The shock isn’t that the IPL’s bubble burst, it’s that it lasted this long

IPL bubble
Aadya Sharma by Aadya Sharma
@Aadya_Wisden 5 minute read

In a country devastated by the Covid-19 pandemic, the IPL managed to host twenty-five days of live cricket, but when the bubble finally burst, it left behind unfulfilled promises, virus-exposed cricketers and plenty to think about, writes Aadya Sharma.

That’s it, then.

Cricket’s mightiest spectacle came to a staggering, sudden stop, brought to its knees by a nano-sized life form that’s ravaged the host country. Within 48 hours, the general dialogue around the IPL rapidly moved from team combinations and captaincy changes to the shrinking bio-bubble, the virus spreading its tentacles at least four of the eight teams. Suddenly, it mattered little who was opening for Hyderabad, who was Punjab’s fourth overseas player or who was at the top of the points table.

It seemed inevitable, really.

An average feed on Indian Twitter is currently filled with gasping calls for oxygen, a desperate search for beds, and please remdesivirs and ventilators. Barely kilometres away from the action in the stadia, crematoriums have been overflowing with dead bodies; in Delhi, loved ones were forced to turn parking lots into makeshift crematoriums for want of space. India’s Covid tally, at the time of writing, stands at 20.3 million cases, with 357,000 new cases alone on May 3, the day the first case in the IPL bubble was revealed.

Amid the grief-stricken reality, the IPL carried on with a general tone of blissful unawareness, the tournament continuing through massive logistical challenges. They managed to pull it off flawlessly in the UAE, and the same template was ready to be applied in India. However, IPL 2020 was held in a country far preferable in terms of its infrastructure – switching between three venues largely one and a half hours apart on road and no requirement for air travel – and less affected, at the time, by Covid-19. Then, the average daily case count in UAE stood just over 1,000.

It was almost as if the IPL played into India’s overall mistaken euphoria after the end of the first wave. In February, new cases had dropped to four-digit figures, and the nation, as a whole, was slowly becoming all too comfortable. The BCCI allowed in-stadium attendance for the India-England series, and decided to bring back the IPL in India too, keeping the door open for attendance at a later stage.

Not long after, the second wave slammed on India, but the organisers were seemingly ready: plush hotels hosting the players were locked to the outside world, airports had separate check-in counters, daily Covid testing was in place for teams, there was reportedly even a bluetooth tracking gadget on players (which was later found to be faulty). The nation began to burn, but for four hours each night, the IPL beamed out pictures of players untouched from the pandemic, secure in their foolproof bubbles, aiming to complete the longest edition of the tournament ever.

There were clear signs of impending danger. Even before the first ball was bowled, the IPL’s extended contingent saw Covid-19 cases emerging from it – from players to broadcasters to groundstaff, there were recorded positive cases in double-digits. But the tournament’s continuation seemed non-negotiable. Even when venues Mumbai and Delhi went into city-wide lockdowns as governing bodies struggled to contain the pandemic, teams got permission to circumvent the curfew. The IPL assured that they’d be able to transfer their bio-secure across venues as far as 2,000 km apart.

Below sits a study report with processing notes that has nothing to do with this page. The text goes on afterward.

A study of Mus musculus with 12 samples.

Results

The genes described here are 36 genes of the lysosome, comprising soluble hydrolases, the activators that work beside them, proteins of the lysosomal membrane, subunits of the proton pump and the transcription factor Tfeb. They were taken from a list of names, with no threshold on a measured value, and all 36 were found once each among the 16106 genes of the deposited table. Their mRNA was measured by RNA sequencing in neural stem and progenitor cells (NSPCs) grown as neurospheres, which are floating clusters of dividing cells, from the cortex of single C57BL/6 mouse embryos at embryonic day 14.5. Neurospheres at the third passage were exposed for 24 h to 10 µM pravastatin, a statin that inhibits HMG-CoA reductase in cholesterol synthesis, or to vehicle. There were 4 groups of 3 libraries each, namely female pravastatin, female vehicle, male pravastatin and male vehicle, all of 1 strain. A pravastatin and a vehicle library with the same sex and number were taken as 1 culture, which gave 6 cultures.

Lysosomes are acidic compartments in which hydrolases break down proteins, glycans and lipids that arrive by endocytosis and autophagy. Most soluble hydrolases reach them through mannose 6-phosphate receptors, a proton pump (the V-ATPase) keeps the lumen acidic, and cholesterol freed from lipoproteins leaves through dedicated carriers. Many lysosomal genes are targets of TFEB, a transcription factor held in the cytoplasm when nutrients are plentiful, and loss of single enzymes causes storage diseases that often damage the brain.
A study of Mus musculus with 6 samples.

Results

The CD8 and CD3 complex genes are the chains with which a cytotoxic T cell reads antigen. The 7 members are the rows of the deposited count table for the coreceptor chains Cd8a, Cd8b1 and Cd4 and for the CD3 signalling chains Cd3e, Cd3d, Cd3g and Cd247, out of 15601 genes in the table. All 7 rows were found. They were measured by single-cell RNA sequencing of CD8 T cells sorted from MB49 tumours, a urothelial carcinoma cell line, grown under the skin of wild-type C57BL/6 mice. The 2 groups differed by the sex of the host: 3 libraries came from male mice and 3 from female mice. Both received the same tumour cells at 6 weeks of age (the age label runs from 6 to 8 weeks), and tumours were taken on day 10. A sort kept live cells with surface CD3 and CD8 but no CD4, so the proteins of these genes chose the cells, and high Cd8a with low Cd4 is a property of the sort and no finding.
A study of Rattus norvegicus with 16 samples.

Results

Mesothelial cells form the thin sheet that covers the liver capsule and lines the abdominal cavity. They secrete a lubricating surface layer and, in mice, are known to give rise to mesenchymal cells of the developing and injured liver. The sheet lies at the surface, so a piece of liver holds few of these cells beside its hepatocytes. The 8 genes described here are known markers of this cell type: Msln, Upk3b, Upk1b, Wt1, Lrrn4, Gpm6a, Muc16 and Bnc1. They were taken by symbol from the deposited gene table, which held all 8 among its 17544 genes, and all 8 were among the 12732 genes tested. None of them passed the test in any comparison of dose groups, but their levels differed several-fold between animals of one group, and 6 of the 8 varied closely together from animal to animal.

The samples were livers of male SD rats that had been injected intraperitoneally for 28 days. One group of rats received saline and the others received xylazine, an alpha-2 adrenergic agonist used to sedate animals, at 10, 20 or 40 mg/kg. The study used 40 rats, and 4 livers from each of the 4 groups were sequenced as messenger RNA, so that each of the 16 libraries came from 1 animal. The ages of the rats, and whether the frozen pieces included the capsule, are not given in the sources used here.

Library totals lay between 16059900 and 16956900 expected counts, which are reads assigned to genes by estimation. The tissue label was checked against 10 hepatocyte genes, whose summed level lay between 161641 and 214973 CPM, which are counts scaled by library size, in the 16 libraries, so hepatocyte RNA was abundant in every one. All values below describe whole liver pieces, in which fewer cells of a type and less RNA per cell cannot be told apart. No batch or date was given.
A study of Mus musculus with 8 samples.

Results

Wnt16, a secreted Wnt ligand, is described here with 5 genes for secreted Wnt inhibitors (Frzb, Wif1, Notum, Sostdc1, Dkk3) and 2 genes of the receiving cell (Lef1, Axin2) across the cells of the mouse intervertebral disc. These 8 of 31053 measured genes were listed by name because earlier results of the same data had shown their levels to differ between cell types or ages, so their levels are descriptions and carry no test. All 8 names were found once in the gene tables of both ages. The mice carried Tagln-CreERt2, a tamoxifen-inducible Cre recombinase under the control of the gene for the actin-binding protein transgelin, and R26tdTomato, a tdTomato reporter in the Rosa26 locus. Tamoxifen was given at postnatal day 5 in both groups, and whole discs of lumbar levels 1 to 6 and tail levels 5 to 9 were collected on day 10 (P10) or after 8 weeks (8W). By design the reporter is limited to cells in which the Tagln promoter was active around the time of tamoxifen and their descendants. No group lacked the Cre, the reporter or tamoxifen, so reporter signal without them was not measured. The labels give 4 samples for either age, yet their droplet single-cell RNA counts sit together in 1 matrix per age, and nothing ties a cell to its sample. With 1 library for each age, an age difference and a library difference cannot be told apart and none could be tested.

As the nation witnessed the sobbing faces of the bereaved on the news, the same televisions also saw players narrating scripted lines as part of their daily public announcement. The IPL was trying to do its bit in trying to show concern, but internally, the uneasiness around the potency of the said invisible shield was growing. For how long would this bubble hold?

Adam Zampa, one of the five overseas players to willingly leave the tournament midway, called it “the most vulnerable bubble” he has been part of. Not long after, the first positive case in-tournament case emerged, the news of which came first through a media outlet and not the official body. And then, there was no turning back.

There’s still no clarity as to how exactly the breach happened, but increasingly, it feels as if no bio-bubble is impenetrable, and good fortune and a low prevalence of the disease in the country might both be necessary for a tournament to proceed unaffected. In July last year, Jofra Archer was part of an unapproved detour; the following month, Mohammad Hafeez interacted with the public, leaving him to self-isolate.

Even when the first two cases emerged from inside the KKR camp, CEO Venky Mysore was confident that the team would be ready by the 7th or 8th to play the rescheduled game. But within the next day, the gravity of the situation halted IPL’s dreamy run, just a week after BCCI’s interim CEO assured teams and stakeholders that they were “further strengthening the bio-secure environments”, a phrase that, in a way, captures how unquantifiable the whole process it.

In hindsight, it was probably an incorrect call to force the tournament on India, the worst-hit country in the pandemic – a day before the schedule was announced, daily cases stood at 18,754, the highest they had been since January. But the organisers stuck to having India as their preferred, probably hoping for things to ease out and confident of a bubble that eventually failed them.

With early predictions ignored, a bio-secure environment to swear by, and no signs of slowing down even when the situation turned grave, the end sadly came with a concluding press release, where BCCI assured they’d do “everything in its powers to arrange for the secure and safe passage of all the participants”. That was essentially the purpose of the bubble really, and it’s a miracle that it lasted this long.